Nicole Paprocki, University of Loyola at Chicago, Class of 2011
One hardly knows where to start talking about Nicole Paprocki's accomplishments, so why not Bangladesh? That's where she traveled in the summer of 2009, as the winner of the Americans for UNFPA Student Award, to learn about acid violence against women and visit United Nations programs for women's empowerment. "I was overcome by the sisterhood I felt among these young women who walked with me through their homes, played with my hair, and let me hold their babies," she wrote in a blog post on Marie Claire's website. "I vowed never to forget these women: their laughter and their warmth."
That trip-also a happy encounter with such delicacies as chai tea and fresh mango-continued the work in which Nicole has long been engaged locally, as a women's rights advocate for the Chicago Women's Health Clinic, Amnesty International, Planned Parenthood, and for the Gannon Scholars Leadership Program at Loyola University, from which she expects to graduate in 2011 with a double major in sociology and pre-med biology in the Interdisciplinary Honors Program. These illustrious beginnings, she believes, would not have been possible without the support of Chicago Scholars Foundation. "From firsthand experience, I know it is necessary and that it works," she says, which is why she has invested herself in the organization "as a peer mentor, a class officer, and a future board member."
Nicole has been inspired by strong examples in her family, from her grandparents, who emigrated from Poland in the 1920s, down to her mother, who has refused to let a bout with multiple sclerosis interfere with leading a normal life. The latter experience stoked her interest in health care, leading her to focus on the international health care gap as it affects women in developing countries. "I was and continue to be involved in social justice issues," she says. "Only recently did I realize that health care-a career field I was very interested in as a result of growing up with sick grandparents and mother-was, in fact, intricately in need of social justice itself."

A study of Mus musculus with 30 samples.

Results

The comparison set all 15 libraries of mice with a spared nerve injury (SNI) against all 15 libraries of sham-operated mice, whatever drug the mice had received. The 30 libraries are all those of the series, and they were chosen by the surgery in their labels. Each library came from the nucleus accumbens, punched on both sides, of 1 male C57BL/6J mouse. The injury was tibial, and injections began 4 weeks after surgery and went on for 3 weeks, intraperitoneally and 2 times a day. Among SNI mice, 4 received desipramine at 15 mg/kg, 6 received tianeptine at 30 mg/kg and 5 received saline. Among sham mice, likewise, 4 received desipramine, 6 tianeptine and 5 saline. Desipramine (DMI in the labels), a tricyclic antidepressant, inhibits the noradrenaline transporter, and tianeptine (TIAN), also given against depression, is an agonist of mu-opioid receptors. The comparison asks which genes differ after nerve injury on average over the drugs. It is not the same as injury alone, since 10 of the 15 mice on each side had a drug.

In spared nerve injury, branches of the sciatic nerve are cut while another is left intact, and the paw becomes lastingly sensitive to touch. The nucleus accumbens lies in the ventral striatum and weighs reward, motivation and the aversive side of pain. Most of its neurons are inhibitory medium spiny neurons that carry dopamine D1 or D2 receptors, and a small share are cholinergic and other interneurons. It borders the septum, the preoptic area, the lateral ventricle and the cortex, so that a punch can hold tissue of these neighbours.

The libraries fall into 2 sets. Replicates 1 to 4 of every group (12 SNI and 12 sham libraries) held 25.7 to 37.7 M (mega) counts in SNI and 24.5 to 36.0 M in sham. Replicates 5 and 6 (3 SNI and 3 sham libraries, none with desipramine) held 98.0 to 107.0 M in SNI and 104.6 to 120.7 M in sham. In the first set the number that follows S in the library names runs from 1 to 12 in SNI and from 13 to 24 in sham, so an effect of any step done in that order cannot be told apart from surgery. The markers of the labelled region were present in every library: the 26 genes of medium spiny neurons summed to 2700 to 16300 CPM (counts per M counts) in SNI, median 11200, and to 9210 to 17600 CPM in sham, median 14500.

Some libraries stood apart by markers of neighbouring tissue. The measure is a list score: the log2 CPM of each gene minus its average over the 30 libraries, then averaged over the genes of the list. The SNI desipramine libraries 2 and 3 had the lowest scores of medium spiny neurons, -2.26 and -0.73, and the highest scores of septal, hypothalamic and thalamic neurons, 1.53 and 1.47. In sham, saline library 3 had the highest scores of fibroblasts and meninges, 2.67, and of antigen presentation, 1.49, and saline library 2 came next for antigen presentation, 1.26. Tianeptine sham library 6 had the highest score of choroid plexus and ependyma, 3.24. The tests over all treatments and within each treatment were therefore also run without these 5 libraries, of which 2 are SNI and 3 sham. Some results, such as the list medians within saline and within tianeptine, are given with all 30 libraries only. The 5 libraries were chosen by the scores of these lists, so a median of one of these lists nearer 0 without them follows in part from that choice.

Her aim at present is to earn an MD/MPH in women's health, with which she hopes to work with an international organization like the UN or the World Health Organization to develop accessible health care policy, reduce maternal mortality, and prevent violence against women everywhere. Such expansive goals are well suited to a career in which Nicole will no doubt mobilize her determination and inspiration to realize change around the world. "According to the Myers-Briggs exam, I have the rarest personality type," she says, tellingly enough. "INFJ-which is the same as Mother Teresa."